TRIPOLI // Libya’s deputy intelligence chief was kidnapped outside Tripoli airport yesterday, two security sources said, days after clashes between rival militias and protesters in the capital killed at least 45 people.
Mustafa Noah, the head of the agency’s espionage unit, was pulled into a vehicle in the car park, and had no bodyguards with him at the time, one of the sources said.
Libya’s government is struggling to keep order as rival militias and hardline Islamists refuse to disarm two years after they helped oust Muammar Qaddafi in a Nato-backed uprising.
No group claimed responsibility for the abduction, but militias have snatched officials in the past to get political leverage. Prime Minister Ali Zeidan was abducted by a government-payrolled militia group last month, but freed unharmed after a few hours.
Tripoli’s city leaders yesterday called for street protests and strikes at shops, schools and universities to press Libya’s government to drive out militiamen blamed for the clashes.
Violence broke out on Friday when militiamen from the coastal city of Misurata opened fire on protesters marching on their brigade quarters in Tripoli to demand that they leave the capital.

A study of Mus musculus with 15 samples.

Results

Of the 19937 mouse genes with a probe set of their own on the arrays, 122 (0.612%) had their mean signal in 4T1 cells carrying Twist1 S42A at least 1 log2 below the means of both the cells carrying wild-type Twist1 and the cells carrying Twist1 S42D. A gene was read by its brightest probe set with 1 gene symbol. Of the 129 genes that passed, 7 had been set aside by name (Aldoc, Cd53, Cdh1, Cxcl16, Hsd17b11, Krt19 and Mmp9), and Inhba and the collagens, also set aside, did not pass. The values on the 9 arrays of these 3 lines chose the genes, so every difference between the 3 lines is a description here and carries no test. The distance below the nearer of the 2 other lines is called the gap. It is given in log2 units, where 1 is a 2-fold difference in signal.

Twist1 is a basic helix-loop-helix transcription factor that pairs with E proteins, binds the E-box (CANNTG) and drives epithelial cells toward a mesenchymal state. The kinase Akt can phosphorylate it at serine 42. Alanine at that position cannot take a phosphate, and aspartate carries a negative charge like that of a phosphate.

Dozens of people were killed in the fighting that followed – the deadliest street violence in Tripoli since Qaddafi’s fall. Misurata gunmen and rival militias clashed again on Saturday to the east of the capital, killing one more.
Saadat Al Badry, the head of Tripoli’s local council, said that city leaders wanted all armed groups from outside Tripoli to leave the capital and demanded an investigation into the violence.
“We have declared a strike for three days from today, but if our demands are not met we will continue,” he said.
Many shops, schools and universities were closed in the capital yesterday. Residents set up barricades to protect their streets and join the protest.